All classic Blackberry phones can no longer be used this week after its legacy software was decommissioned. The Blackberry, at its peak, was a favorite of top execs, but was phased out in favor of touchscreen smartphones.
It’s the end of an era for Blackberry users. On January 4, the company behind the iconic black phone with its QWERTY keypad officially decommissioned the use of its software, meaning classic Blackberry devices running on the company’s operating system will no longer work.
“As of this date, devices running these legacy services and software through either carrier or Wi-Fi connections will no longer reliably function, including for data, phone calls, SMS and 9-1-1 functionality,” said the company in a statement dated December 22, 2021.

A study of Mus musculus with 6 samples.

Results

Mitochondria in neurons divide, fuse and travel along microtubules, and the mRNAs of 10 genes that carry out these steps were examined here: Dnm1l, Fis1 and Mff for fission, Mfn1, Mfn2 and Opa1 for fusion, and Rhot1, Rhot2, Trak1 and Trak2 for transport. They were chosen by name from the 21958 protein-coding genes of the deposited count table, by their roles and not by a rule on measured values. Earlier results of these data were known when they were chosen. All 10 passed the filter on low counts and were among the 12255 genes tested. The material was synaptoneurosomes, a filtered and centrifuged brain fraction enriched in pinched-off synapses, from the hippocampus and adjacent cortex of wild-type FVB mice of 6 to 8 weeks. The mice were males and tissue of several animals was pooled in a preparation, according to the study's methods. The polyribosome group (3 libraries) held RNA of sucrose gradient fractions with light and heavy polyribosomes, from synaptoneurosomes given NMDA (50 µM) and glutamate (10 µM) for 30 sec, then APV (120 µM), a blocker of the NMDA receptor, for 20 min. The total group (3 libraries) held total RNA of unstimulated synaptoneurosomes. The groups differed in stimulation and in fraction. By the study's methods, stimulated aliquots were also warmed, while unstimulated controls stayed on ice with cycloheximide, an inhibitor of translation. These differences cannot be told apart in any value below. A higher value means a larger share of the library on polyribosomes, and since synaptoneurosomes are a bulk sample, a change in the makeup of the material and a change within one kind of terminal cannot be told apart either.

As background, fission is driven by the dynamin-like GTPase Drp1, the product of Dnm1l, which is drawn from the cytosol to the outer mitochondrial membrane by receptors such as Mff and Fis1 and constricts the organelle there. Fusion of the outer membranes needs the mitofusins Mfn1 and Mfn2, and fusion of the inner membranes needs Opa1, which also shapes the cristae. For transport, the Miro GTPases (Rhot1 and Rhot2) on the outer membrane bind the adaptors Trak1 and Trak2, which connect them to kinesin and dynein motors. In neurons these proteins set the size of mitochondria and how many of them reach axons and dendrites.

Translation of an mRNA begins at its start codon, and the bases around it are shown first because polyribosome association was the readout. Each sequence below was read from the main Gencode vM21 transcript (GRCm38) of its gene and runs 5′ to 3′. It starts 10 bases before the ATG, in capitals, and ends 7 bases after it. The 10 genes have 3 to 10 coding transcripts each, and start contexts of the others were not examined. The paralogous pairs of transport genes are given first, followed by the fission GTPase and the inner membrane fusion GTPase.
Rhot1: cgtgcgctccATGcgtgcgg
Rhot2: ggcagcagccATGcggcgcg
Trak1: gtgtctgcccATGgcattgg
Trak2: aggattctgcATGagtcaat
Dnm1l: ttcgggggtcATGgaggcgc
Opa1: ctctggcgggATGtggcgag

“We thank our many loyal customers and partners over the years,” the company added.
Newer Blackberry devices running on Android software will continue to work for now.
Blackberry’s 2021 announcement was an update to an earlier September 9, 2020, statement from Blackberry CEO John Chen, where he announced that the company was transitioning to become a software company, and decommissioning all its legacy services.
Blackberry launched the last version of its operating system in 2013, and the company started phasing out devices with the Blackberry name between 2016 and 2020, per CNN. According to The New York Times, Blackberry stopped manufacturing its own smartphones in 2016.
The Blackberry was once a favorite of top execs and former President Barack Obama, who famously fought to hold on to a stripped-down version of his Blackberry after getting elected in 2008.
According to The Guardian, Blackberry at its peak in 2009 owned 20% of the global smartphone market, but was soon overtaken in the early 2010s by touchscreen devices like the iPhone.
Now, Blackberry has pivoted to become a cybersecurity firm, netting around a billion dollars in revenue in 2020.